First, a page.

A Labor Intensive Effort


Cutting the digital umbilical cord – that’s the first thing that popped into my mind when presented with “Labor”for this summer ending theme. It seemed a fitting thought, an appropriate bookend for how Ibegan the summer with talk of a digital Independence Day.

For Labor Day weekend, however, my purpose in tugging free from my usual on-line fetters lay on the opposite end of the scale. This time my tech-free intentions were all about productivity. Angling into fall, I found myself looking at a pleasantly full roster of speaking engagements along with a considerable stack of writing deadlines. The only way Icould focus long enough to sort my thoughts and get clarity around talking themes and the all-important development of artful, sassy slides to accompany them was to remove all interruptions.

Extricating myself from distractions of Twitter and Facebook, Itook it a step further. I went analog That’s right, the good old-fashioned way – notebook, pen and a comfy seat at the beach. It didn’t hurt that the weather on this particular day happened to be one of San Francisco’s real stunners – clear skies, low 70s (for those measuring by Fahrenheit, of course) and not a cloud in the sky. Normally fleece clad San Franciscan’s flocked to the waterfront at Chrissy Field, providing an even better source of inspiration than the meandering gaze that so often accompanies my on-line train of thought.

I don’t know about you, but when Iwrite on-line, even if I’ve closed off the persistent pings of email and social networks, there is a tendency to wander off my mark into the waist high weeds of digital distraction. I may have a thought on a topic that takes me to a browser search bar, which then leads to the trip down the rabbit hole. Suddenly it’s an hour later, I’ve discovered any number of great YouTube videos about cats on skateboards and perhaps even learned a new word or two, but I’ve likely lost any momentum from the initial sentence that sent me seeking in the first place.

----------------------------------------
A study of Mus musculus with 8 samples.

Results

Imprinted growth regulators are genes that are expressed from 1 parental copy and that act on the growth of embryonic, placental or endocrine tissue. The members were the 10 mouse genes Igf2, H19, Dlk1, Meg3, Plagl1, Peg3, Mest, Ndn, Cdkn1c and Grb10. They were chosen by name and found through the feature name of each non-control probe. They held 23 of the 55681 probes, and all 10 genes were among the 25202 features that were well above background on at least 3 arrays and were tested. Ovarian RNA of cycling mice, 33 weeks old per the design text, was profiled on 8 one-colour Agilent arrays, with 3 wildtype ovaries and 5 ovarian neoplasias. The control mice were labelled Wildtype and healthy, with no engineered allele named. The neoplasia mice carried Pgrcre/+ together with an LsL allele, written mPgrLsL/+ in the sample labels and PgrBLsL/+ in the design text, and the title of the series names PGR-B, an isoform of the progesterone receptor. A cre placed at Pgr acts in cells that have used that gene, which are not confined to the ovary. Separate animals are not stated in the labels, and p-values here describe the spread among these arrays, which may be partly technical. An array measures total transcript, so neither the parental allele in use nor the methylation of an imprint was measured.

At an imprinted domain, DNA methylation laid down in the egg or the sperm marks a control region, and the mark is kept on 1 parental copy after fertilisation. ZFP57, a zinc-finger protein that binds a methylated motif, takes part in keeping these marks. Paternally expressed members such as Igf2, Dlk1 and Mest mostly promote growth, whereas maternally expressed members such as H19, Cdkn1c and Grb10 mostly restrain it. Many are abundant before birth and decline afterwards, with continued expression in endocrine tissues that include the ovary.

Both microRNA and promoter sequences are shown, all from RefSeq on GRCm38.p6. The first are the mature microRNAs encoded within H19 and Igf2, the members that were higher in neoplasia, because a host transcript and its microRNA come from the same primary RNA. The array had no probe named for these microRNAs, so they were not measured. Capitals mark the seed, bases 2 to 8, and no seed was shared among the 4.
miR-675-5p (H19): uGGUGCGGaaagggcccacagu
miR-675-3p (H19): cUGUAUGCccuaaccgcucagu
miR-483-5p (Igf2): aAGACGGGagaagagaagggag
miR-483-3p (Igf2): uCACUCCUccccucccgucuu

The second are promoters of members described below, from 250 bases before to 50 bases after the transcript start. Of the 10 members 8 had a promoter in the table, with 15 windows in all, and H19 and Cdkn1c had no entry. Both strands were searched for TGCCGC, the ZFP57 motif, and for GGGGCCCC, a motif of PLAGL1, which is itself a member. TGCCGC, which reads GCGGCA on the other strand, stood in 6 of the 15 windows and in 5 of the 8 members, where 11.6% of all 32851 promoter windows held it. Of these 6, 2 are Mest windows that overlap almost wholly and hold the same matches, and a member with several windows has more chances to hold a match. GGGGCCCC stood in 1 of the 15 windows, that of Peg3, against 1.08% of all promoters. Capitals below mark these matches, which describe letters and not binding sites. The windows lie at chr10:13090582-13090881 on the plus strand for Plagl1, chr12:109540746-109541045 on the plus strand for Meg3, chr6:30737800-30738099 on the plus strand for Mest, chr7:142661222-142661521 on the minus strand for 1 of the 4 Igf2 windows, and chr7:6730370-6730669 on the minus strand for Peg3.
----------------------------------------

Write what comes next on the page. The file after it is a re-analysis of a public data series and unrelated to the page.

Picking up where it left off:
By taking this activity away from the temptations of the digital labryinth those moments of pondering may wander to watch kids building a sandcastle, aerial feats of a seagull or wayward kite-boarder … in either case the distraction can help rest the brain and provide a creative injection.


The result? On this glorious San FranciscoLabor Day, I formulated three speech outlines, four blog posts … and got a great tan to boot.

About The Author

What began for me as a career telling other people’s stories has evolved into a journey of helping others tell their stories for themselves. I'm a “classically trained” Journalist whose passion for communications began with my first job ripping wire copy in 1982 and has evolved to encompass nearly every platform and aspect of media – from reporting and editing to broadcast management, talent casting and guest booking. I've also curated content for several of the tech industry’s leading conferences. It was after finding myself engaged as an activist for LGBT equal rights that I began to explore the way in which personal stories inform and influence people’s everyday lives and I began using my tech background to teach people to make these connections of personal stories, using new technologies as the medium. Presently I run my own consulting firm in San Francisco, working with companies and individuals helping them navigate the crowded waterways of new technologies with the express purpose of leveraging these rapidly evolving platforms to tell their stories. Through workshops, seminars and strategic consulting services, I walk clients through the story-telling process and towards the kind of deep engagement that comes from truly authentic communication.